Power of Three

Written by Jason Solomons

Here’s a strange little story that throws misty light on one of the enduring – indeed dominant – feminist icons of our age: Wonder Woman. Not so long ago in these pages, I objected to the film Goodbye Christopher Robin for tweely revealing the miserable real-life tale behind the enchanting Winnie the Pooh stories. However, this new film, written and directed by Angela Robinson, digs deep into the human psyche to tell me something completely new about the genesis of a pop icon, an origins story well worth hunting down.

Wonder Woman is, of course, the most popular female superhero ever, in comics and, more recently, on screen in blockbuster form, with its female director Patty Jenkins becoming the highest-paid and highest-grossing female filmmaker ever. Who knew that we, and she, had to thank a Harvard professor of psychology, his wife and their comely intern for it all?

Luke Evans plays William Marston who, teaching with his wife Elizabeth (the always intriguing Rebecca Hall) at Radcliffe in the late 1920s, take in a pretty student, Olive (Bella Heathcote), as part of an experiment in beauty. They both fall for her, using their feelings for Olive as the basis for testing Marston’s newly invented lie detector. The needle goes off the charts.

Amid the steamy sexiness of this trio, Marston puts to the test his theories of dominance and submissiveness, which all sounds very kinky. That’s because it is. I mean, I knew Wonder Woman was sexy, with the outfit, the bangles, the tiara and all, but I never quite realised it all came from bondage costumes that Marston discovered in a Greenwich Village lingerie store in 1940.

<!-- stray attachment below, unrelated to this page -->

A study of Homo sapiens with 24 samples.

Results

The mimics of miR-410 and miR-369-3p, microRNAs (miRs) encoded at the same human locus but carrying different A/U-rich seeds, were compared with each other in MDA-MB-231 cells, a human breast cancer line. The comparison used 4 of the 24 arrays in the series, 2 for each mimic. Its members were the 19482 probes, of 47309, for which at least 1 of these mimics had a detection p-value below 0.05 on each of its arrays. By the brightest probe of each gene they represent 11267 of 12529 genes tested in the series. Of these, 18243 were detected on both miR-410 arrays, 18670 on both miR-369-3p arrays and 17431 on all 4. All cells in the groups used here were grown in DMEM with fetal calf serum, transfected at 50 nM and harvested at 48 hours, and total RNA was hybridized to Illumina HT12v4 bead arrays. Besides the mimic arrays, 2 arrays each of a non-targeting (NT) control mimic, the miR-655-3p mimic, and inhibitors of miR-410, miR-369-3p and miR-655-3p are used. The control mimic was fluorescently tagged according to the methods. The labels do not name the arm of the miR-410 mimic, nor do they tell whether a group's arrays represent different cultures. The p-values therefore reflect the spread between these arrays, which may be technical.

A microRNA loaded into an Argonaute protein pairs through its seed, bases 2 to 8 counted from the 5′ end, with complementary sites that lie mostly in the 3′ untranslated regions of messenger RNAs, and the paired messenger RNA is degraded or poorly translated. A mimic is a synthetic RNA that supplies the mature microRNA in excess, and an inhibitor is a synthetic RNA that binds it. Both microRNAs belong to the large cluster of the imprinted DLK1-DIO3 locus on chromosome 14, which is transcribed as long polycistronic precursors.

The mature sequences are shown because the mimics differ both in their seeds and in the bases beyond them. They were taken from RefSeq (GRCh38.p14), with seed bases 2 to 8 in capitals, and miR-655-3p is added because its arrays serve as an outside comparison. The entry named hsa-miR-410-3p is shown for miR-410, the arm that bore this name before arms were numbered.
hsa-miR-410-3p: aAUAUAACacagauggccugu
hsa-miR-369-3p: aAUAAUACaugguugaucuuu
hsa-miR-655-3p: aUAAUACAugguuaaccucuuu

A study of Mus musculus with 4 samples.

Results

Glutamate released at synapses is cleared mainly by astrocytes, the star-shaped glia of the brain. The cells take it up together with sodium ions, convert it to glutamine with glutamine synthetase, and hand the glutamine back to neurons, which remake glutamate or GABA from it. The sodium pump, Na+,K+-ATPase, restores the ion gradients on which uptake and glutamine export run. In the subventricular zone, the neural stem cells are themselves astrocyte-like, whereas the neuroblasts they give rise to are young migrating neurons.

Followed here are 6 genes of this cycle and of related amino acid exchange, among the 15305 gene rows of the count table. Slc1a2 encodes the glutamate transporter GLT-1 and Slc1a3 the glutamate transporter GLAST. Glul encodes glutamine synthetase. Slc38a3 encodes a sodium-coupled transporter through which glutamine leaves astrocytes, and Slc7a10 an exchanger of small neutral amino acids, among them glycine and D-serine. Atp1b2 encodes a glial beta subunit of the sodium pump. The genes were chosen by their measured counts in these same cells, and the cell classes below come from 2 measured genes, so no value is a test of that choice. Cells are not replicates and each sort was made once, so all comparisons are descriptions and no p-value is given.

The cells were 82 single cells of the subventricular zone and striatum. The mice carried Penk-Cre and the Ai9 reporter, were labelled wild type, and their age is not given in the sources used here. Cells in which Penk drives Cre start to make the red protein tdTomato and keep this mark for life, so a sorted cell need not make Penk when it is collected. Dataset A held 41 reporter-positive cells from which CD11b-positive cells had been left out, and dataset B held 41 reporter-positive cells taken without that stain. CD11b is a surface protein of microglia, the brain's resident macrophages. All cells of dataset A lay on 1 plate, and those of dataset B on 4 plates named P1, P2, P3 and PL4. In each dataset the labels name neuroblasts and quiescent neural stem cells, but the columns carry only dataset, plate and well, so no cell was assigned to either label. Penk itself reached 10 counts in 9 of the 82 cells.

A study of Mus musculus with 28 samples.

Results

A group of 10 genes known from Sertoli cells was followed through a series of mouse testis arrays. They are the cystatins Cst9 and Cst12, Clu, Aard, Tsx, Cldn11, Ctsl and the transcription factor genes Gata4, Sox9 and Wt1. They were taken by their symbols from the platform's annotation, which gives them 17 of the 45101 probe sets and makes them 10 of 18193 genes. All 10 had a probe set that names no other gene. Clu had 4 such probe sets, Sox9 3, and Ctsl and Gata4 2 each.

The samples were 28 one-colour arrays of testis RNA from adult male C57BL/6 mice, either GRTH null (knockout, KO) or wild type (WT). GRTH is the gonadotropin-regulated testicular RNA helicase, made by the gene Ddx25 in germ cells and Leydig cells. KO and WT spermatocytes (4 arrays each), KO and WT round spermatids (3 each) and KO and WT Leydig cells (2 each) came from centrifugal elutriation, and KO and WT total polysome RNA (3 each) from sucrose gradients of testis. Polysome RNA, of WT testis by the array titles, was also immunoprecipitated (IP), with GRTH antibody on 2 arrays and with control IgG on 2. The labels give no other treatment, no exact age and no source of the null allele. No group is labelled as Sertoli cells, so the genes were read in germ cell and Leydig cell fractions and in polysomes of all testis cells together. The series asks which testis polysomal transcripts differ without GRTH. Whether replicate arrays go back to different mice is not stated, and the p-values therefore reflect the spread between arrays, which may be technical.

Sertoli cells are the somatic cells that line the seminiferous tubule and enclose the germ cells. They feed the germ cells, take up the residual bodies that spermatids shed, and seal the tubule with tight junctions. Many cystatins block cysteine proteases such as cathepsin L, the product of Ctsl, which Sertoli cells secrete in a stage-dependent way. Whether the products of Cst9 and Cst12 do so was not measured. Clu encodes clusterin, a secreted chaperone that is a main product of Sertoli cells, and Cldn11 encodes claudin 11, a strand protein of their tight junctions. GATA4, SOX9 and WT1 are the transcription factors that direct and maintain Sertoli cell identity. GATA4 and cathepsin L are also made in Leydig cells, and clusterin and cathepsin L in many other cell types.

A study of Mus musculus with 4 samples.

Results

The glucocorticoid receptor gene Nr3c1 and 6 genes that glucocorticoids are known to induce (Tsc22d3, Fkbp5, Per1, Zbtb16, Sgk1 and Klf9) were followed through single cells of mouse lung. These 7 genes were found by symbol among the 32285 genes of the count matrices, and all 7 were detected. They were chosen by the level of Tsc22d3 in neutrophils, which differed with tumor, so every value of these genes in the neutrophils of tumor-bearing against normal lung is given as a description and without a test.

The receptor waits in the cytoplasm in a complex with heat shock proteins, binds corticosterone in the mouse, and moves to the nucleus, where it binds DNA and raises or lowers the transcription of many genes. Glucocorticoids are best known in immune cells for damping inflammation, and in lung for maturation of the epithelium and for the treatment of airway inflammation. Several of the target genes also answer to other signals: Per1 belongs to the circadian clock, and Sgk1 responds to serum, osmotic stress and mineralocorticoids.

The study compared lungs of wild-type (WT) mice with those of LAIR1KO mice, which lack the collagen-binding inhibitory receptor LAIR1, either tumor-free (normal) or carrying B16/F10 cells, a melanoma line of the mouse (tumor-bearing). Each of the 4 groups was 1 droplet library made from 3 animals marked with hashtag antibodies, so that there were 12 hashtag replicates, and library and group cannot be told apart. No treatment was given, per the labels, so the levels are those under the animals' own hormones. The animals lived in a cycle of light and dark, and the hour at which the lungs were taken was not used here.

Meanwhile, Marston and the two women – fired from their university positions – try to maintain a veneer of suburban respectability, living as a threesome, all sleeping together and practising naughty little dress-up games in the parlour. Until the new neighbour pops in with a welcome casserole. Here’s a hotpot she didn’t count on. Impecunious, Marston gives up trying to publish his psychology books and sublimates his creativity and sexual theory into the subversive comic strip of Suprema The Wonder Woman, finding a vaguely sympathetic publisher, played by Oliver Platt.

However, the cartoons of Amazon Wonder Woman tying people up with her lasso, her constant domination and pan-sexual violence soon have him hauled in front of the National Decency League, which doesn’t want Americans influenced by such thoughts, ordering Marston and his publisher to ‘cut out the kink’.

Too late for me, I’m afraid. I was hooked. I blame Linda Carter on the TV on the Saturday nights of my childhood. But I never knew it was really all about Marston and his
two lovers, a real-life story the film brings to delightful dramatic life. In case of some concerns, it should be noted that the film is very tasteful in its depictions (all the sexier for it, too) and all three
actors are excellent. Yet for all the psychology and secrecy it remains a very playful film, and often surprisingly funny in its naughtiness, comparing the transgressive threesome against a backdrop of prohibition America with its sense of moral outrage.

Despite many a teenage reverie, I didn’t know anything about Wonder Woman’s real origins, and the now-customary epilogue, with faded photos of the real people involved, only adds to the wonder, particularly with the continuing story of Elizabeth and Olive. Super indeed.